2013-09-27 / Front Page

Former teacher sentenced to six years for sex crime

By Gabrielle Moreira

Malia Brooks, a former teacher at Garden Grove Elementary School Impact Academy who pled guilty to lewd acts with a student, was sentenced today to six years in state prison with no option for parole.

Brooks faced a maximum of 12 years in prison, but at Ventura County Superior Court this morning, Judge Kevin McGee imposed the six-year sentence because of the “uniqueness” of the case and the fact there were no additional victims.

Brooks will also be required to pay restitution to the victim’s family, a $2,000 fine and provide a blood sample for DNA testing in the case.

Once she is finished with her sentence, Brooks will be on parole for five years. Though she does not have a chance for early parole, she does have the option to file for an appeal within 60 days.

McGee listened as the 12-year-old victim’s mother asked that Brooks remain incarcerated because she is a danger to the community. The victim’s mother also asked that her son have time to “finish growing up and finish school.”

“I don’t think she’s ever going to know how sick or dangerous she is,” the mother said.

Michele Finseth, Brooks' mother, spoke next and said her daughter suffered a severe mental breakdown toward the end of last year resulting from a possible rape she experienced 17 years ago in Sudan.

When Brooks was younger, she and her family were Christian missionaries and traveled all over the world.  At the end of last year, Brooks began to retreat from her family as she tried to deal with what happened to her when she was young.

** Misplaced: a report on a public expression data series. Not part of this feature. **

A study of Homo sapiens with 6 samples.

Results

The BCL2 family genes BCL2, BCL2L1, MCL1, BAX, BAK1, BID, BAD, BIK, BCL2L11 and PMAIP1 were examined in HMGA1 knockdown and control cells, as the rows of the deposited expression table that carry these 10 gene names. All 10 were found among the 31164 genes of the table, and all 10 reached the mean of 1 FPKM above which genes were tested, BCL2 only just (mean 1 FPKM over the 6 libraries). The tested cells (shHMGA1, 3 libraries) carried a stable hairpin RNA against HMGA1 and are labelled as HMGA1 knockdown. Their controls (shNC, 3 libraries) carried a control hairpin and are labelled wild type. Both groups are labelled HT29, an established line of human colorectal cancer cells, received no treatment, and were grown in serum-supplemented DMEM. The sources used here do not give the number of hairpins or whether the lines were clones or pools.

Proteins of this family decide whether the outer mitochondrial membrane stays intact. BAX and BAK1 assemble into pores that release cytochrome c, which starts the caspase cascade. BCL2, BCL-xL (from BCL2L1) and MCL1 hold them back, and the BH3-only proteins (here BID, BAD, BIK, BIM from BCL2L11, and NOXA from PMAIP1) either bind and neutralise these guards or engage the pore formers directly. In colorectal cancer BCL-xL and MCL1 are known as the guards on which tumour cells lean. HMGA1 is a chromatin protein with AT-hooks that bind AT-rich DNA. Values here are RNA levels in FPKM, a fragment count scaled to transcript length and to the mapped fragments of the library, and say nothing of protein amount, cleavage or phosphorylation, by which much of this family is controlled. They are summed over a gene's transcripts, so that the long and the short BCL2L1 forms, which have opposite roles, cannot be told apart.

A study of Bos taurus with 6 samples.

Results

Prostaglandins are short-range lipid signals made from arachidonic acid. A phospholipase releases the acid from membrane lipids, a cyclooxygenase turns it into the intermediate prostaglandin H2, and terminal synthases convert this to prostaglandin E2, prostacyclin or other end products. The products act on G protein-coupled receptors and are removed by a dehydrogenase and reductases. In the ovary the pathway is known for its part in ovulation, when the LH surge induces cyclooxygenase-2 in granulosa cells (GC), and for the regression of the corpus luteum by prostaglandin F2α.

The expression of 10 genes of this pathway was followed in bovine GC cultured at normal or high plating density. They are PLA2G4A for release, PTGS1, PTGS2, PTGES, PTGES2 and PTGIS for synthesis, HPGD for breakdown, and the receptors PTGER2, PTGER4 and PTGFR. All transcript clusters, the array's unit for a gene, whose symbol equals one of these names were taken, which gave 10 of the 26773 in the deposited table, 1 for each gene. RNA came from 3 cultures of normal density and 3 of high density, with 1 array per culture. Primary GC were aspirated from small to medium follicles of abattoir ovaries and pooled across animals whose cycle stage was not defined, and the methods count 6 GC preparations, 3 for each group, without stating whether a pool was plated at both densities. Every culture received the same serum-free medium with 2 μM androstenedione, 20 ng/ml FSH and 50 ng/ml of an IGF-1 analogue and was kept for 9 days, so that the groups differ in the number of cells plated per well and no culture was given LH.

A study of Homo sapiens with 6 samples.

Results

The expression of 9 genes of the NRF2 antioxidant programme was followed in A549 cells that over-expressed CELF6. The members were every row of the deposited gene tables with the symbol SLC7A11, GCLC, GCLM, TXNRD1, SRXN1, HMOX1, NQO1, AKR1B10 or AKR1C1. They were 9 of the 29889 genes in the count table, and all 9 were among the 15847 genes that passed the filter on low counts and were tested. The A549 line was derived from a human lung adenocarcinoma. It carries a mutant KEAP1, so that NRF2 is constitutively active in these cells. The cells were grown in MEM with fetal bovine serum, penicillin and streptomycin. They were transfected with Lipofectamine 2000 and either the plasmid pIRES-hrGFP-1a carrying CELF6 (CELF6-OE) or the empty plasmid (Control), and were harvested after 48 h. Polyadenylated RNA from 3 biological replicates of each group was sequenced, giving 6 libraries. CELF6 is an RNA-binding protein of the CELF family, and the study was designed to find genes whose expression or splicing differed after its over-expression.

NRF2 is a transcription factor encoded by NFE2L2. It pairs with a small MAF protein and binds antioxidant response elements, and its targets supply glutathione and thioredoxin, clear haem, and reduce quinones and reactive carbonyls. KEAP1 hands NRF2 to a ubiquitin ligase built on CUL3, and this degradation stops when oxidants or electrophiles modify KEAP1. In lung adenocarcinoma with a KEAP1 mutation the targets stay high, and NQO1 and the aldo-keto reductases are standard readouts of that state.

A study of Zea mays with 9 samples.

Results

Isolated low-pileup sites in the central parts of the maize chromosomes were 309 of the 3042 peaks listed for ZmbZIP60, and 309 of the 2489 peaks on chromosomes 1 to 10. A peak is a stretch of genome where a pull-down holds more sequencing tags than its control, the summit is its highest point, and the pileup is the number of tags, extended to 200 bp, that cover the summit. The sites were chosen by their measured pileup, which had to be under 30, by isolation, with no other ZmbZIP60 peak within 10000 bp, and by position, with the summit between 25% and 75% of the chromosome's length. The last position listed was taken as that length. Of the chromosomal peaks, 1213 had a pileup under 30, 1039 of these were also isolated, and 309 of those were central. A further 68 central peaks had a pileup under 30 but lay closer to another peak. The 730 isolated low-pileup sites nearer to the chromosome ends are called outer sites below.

At the request of her mother, Brooks began therapy sessions in August 2012, and continued them until shortly before she was arrested on June 11.

But deputy district attorney Erin Meister argued that while Brooks was in therapy, she still chose to initiate a sexual relationship with her student.

“She knew what she was doing was wrong and she still did it,” Meister said. “It seems she has not come to terms with what she has done.”

Brooks’ attorney Ron Bamieh countered Meister’s claims by saying Brooks did everything she was asked to do and was quick to plead guilty for her crimes.

“To say that this was some long, thought-out desire is wrong,” Bamieh said. “She broke and had repressed things that happened to her. It’s a mental illness. It destroyed her, her family and her life.”

After hearing both sides, McGee said this case was the most unique he had dealt with in his 30-year career.

“She was a good person for years,” McGee said. “Mrs. Brooks led an exemplary life and then something happened, but I still believe this is a six-year case.”